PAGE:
Dwyane Wade’s 5 greatest moments as a member of the Miami Heat

There’s no simple way to put it: The news that broke late Wednesday that Dwyane Wade was leaving the Miami Heat and signing with the Chicago Bulls was nothing short of shocking. After 13 years, three NBA titles and five NBA Finals appearances, one of the most successful runs by one player in one city is over.

Whether Wade should have left or stayed in the only city he’s ever known is a conversation for another day, but today is a somber day in both Miami and for Heat fans who have seen "D-Wade" become synonymous with the city as a whole.

It’s also a day for celebration.

With Wade officially leaving Miami, here are his five finest moments in a Heat uniform:

Long before the era of "The Big Three" or even "The Big Two" with he and Shaq, Wade began his career as a 21-year-old rookie in 2003. And he started off with a thud, as the Heat went 5-15 to start the season before getting hot late and making the playoffs with a 42-40 record.

There, they played the New Orleans Hornets in the first round (no, I don’t remember New Orleans being in the East, either), and D-Wade showed the first of the playoff heroics that would eventually come to define his career.

He scored 21 points in his playoff opener, including a seven-foot jumper with just a few seconds left to beat the Hornets in Game 1.

Miami went on to win the series, giving Wade his first playoff series victory. The Heat eventually lost to the Indiana Pacers, who finished the 2003-2004 season with the best record in the NBA.

After two injury-plagued years in 2007 and 2008, Wade bounced back in a big way in 2009 by winning the NBA’s scoring title by averaging 30.2 points per game.

That explosive season was foreshadowed the previous summer, after Wade led Team USA in scoring at the 2008 Olympics. And it continued for the next 10 months with scoring binge after scoring binge, including several unforgettable performances.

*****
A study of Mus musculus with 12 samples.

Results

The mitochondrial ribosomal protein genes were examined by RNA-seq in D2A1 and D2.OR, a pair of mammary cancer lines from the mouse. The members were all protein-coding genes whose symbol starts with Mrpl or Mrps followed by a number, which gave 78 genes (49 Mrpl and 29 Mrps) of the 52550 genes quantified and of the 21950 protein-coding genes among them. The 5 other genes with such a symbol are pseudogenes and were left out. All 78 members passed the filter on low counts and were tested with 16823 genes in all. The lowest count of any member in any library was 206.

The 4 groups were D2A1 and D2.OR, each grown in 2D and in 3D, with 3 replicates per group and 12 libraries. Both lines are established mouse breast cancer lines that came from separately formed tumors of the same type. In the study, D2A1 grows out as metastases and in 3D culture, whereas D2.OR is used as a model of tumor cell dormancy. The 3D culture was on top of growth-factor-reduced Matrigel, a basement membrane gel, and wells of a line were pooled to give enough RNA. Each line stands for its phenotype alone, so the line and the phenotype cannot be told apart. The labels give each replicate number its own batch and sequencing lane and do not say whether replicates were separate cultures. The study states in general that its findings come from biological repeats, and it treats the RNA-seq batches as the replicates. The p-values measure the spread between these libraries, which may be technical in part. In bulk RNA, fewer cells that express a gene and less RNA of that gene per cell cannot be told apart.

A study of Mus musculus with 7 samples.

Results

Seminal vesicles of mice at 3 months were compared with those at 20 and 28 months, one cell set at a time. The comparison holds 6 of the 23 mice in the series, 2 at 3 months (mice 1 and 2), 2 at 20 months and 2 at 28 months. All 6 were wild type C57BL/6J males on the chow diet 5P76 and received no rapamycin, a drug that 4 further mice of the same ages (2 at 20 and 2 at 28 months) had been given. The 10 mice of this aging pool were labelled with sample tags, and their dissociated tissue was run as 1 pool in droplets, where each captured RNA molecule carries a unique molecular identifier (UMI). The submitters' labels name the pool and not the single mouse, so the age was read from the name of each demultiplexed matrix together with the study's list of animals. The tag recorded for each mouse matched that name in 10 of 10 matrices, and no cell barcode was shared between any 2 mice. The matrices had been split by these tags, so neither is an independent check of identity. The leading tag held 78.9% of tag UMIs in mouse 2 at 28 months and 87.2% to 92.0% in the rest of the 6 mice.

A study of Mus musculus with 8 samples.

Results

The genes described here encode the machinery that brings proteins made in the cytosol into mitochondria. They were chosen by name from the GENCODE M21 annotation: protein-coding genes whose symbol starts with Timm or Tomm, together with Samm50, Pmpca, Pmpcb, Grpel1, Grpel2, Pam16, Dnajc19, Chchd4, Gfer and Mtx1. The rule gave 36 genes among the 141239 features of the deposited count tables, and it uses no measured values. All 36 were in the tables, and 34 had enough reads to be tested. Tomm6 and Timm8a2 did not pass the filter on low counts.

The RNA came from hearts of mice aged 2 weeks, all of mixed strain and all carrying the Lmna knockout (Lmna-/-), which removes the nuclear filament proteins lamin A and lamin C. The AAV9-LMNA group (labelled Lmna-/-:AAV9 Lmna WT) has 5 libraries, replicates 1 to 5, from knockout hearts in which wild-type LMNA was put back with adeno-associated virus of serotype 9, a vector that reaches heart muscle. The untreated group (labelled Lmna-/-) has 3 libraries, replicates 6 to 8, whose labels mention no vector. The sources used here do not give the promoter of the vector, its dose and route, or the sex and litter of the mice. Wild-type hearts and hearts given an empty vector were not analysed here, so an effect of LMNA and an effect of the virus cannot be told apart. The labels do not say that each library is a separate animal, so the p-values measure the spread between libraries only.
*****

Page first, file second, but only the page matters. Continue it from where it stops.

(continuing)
That included a 50-point game against Orlando shortly after the All-Star break, a 35-point, 16-assist performance in Shaquille O’Neal’s first game back in Miami (after getting traded by Phoenix), and a truly transcendent 41-point, nine-assist, seven-steal and seven-rebound game against LeBron James and the Cleveland Cavaliers.

Speaking of LeBron…

Of course no recap of Wade’s time in Miami would be complete without memories from "The Big Three Era," and none is more memorable than Game 4 of the 2013 Finals.

In pursuit of back-to-back titles (the Heat beat Oklahoma City the previous year), Miami fell behind the Spurs, 2-1, heading into a crucial Game 4 in San Antonio. Wade turned back the clock with a brilliant 32-point, six-steal performance in a 109-93 win.

LeBron added in 33 points and 11 rebounds, while Chris Bosh chipped in 20 points and 11 boards in what might have been the single-greatest collective performance by "The Big Three" in their entire time together.

They eventually went on to win the championship in seven games, the final Larry O’Brien Trophy they’d win together.

Simply put, the 2006 Finals is when Wade went from "good" to "flat-out megastar."

After the Heat fell behind 2-0 in the series against the Dallas Mavericks, Wade literally put the team on his back, and Miami never looked back.

Wade’s final four scoring totals from that series look like something straight out of a video game, as he scored 42, 36 and 43 in Games 3-5, before a 36-point performance in a Game 6 clincher in Dallas.

With the performance, Wade was named MVP of the 2006 Finals.

At just 24 years old, he was the fifth-youngest player to ever receive the honor at the time.

For as great as Wade was individually during his time in Miami, his single-greatest moment was when he put ego aside and allowed "The Big Three" to form. And he did in fact put ego aside as he actually took less money than LeBron or Chris Bosh to stay with Miami and bring in those two superstars to play alongside him.

Safe to say that the decision worked out well for Wade, as the organization reached heights with LeBron and Bosh that it simply couldn’t have without them. That included four straight NBA Finals appearances and titles in 2012 and 2013.

For all the success Wade had before arrival of LeBron and Bosh, and after the departure of James, his legacy in Miami will forever be tied in part to those two.

It will be interesting to see if he can create a new legacy in Chicago.